The Federal Employers' Liability Act – better known as the FELA – is the federal law that deals with the
rights to compensation for a railroad worker injured on the job. The FELA was enacted in 1908 to protect
railroad workers injured in the course of their work. Because injured railroad workers are not eligible for
Workers’ Compensation, the FELA gives them the right, under certain circumstances, to recover compensation
their railroad employer if they are injured on the job.
Some Circumstances where FELA provides protection:
The FELA requires railroad companies to provide their employees a reasonably safe place to work, no matter
where the employee is working. This means that the railroad has a duty to provide its employees things
- Safe walking and yard conditions.
- Safe transportation between hotels or terminals (whether or not the railroad provides this directly or
through another company).
- Safe accommodations when laying over.
- Adequate lighting in yards and other places where the employee may work at night.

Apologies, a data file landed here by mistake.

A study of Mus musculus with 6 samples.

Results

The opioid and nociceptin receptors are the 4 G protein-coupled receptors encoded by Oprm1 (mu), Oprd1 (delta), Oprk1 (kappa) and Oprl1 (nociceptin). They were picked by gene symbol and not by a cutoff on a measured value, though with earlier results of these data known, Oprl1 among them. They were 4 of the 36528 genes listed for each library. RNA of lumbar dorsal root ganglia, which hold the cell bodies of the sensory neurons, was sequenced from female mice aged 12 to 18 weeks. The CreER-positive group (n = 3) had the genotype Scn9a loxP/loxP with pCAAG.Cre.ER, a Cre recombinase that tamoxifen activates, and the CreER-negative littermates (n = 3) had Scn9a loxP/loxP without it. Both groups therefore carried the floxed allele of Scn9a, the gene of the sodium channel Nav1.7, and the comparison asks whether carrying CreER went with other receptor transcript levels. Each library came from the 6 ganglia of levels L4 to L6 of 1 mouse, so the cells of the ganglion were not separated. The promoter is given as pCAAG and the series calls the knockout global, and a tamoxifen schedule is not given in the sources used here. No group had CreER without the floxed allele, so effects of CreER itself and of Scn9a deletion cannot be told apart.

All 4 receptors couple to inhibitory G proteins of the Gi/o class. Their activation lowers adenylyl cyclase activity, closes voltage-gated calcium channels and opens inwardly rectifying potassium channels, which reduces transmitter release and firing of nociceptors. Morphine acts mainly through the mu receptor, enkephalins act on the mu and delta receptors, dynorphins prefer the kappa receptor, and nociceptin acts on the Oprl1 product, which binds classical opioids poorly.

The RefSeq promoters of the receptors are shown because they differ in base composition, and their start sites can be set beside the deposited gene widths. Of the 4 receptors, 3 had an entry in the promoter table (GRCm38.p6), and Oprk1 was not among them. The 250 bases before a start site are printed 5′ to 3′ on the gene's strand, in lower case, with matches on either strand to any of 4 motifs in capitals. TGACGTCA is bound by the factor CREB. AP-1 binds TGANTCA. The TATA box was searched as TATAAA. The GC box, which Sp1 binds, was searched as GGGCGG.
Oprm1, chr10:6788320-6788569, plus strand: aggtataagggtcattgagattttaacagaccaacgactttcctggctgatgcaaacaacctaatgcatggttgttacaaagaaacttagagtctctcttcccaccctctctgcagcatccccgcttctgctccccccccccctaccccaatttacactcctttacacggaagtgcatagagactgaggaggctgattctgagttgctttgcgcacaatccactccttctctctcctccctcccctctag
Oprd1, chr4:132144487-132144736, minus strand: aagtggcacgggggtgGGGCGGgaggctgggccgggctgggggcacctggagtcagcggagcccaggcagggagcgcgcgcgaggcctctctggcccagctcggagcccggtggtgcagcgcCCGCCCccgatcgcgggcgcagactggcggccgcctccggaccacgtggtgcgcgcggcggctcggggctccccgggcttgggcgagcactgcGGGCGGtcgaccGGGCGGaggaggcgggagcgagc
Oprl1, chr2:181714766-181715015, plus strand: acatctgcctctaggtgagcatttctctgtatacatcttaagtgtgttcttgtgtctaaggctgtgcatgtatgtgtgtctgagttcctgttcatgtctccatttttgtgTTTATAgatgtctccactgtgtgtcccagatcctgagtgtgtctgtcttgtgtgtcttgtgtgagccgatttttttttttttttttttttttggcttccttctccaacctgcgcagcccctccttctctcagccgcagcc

- Safe tools and equipment.
- Safe locomotives - that must be free from defects/ Locomotive Inspection Act violations.
- Safe cars - free from defects/Safety Appliance Act violations.
- Adequate training, supervision, and manpower to perform the job safely.
- Competent co-workers. If a railroader is injured by a co-worker's negligence, the railroad is
The above is not an exclusive list, there may be many other ways the railroad, or it's agents, (such as limo/
jitney companies or hotels where employees are provided for required rest between runs) may be negligent. If you
have any questions whether your injury is covered, please talk to a knowledgeable attorney.
The railroad is obligated to inspect its equipment and work areas for unsafe conditions and remedy those
conditions as soon as reasonably possible. Unlike state Workers’ Compensation statutes, the FELA is
. This means that, in most cases, an injured worker has to prove that the railroad was
negligent to recover damages. A railroad is liable to pay monetary damages to an injured worker if the
railroad’s negligence was a cause, in whole or in part, of the worker’s injury. In other words, even if the
railroad’s negligence was only one of several causes of an injury, the railroad is liable for damages to the
injured worker or the deceased worker’s dependents. The railroad is statutorily prohibited from arguing that an
injured worker assumed the risk of his employment in FELA cases.